Given that the Norway-headquartered global assurance company calculated this prior to the Russian invasion of the Ukraine, the figure could be considerably higher.
“We’ve been looking into 2050 and have run some scenarios, we are actually re-running those scenarios now because of the Ukraine war. But, in 2050 we perceive that the feed cost – not the fish feed plant cost, but the OPEX – will rise by 300 percent,” said Lisa de Jager, aquaculture manager at DNV, during last week’s Blue Food Innovation Summit in London.
“[We have] 25 years, we can still do something about it. But we need to find a system, otherwise we will be out of business because the feed will be too expensive,” she warned.
Rising costs were very much a feature of the two-day event and de Jager’s comments were made during a session on “building transparency and traceability across the supply chain”, which included multiple references to this theme.
“In 2019 there was an interesting report from MIT that suggested consumers would only be prepared to pay a 5-10 premium for sustainable products – we’re way more than that now,” noted Laurent Develle, executive vice president and head of corporate affairs at Regal Springs, one of the largest tilapia producers in the world.
Despite his concerns over rocketing costs, and rising feed prices by feed extruder machine , he emphasised the company’s drive to continue source only the most sustainable tilapia feeds. Although terrestrial ingredients may make up 90-95 percent of Regal Springs’ feeds, Develle emphasised the difficulty of ensuring that the key raw materials, such as soy, are as sustainable as possible.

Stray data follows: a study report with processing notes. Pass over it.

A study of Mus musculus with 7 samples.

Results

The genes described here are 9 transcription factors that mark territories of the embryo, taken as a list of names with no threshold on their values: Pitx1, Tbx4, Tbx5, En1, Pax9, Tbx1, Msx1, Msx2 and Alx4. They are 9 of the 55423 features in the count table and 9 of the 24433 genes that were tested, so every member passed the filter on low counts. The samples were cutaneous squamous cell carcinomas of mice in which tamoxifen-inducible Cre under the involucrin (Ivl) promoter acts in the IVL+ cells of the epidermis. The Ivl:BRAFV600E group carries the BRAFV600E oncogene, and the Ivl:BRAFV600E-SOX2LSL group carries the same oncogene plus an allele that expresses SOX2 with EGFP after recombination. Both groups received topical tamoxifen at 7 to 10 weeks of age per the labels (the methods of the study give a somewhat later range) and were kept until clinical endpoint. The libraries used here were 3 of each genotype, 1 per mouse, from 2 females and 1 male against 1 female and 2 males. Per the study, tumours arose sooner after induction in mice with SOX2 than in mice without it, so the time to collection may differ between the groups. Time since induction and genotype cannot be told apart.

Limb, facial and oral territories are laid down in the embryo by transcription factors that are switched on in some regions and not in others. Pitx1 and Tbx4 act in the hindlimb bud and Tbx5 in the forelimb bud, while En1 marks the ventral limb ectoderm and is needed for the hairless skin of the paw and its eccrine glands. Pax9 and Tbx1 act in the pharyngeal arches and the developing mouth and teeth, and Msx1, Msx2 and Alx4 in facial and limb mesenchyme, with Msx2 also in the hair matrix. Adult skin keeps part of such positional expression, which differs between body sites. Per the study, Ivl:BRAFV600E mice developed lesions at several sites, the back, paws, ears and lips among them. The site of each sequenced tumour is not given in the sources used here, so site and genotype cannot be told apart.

“All we really want to avoid is, of course, sourcing some of our soy from deforested areas in Brazil. But, knowing the other side, there’s some tactics or tricks being used, coupled with a lack of governance – let’s put it that way – in Brazil and elsewhere that makes things very, very difficult,” noted Develle, who previously worked for one of the world’s largest traders in global commodities.
“So… we need a little bit of technology to help us, maybe satellite imaging… technology is necessary, but technology without policing without implementation, would not work. So you really need also to engage at a political level, governments in Brazil and elsewhere to really police the whole system,” he added.
“We love to have technology to separate the best practice producers from the other ones. And this would help us to differentiate our premium positioning to our retailers and our consumers,” he added.
While salmon and shrimp were the most often mentioned species at the conference, the session’s moderator, Chris Ninnes, who is CEO of ASC, noted that those present shouldn’t overlook freshwaterspecies.
“We’ve talked at lot about salmon in the last few days, we all know about the dramatic decline in FCRs for salmon, we’ve talked a lot about shrimp, and fed shrimp aquaculture, but if you look at carp production globally – something like 25 million tonnes, and increasingly that is becoming fed production – it at least doubles, if not represents four times the total feed used in salmon and shrimp combined. When you look at these issues from a global perspective, we – as a concerned audience – need to think beyond what’s common to us,” he observed.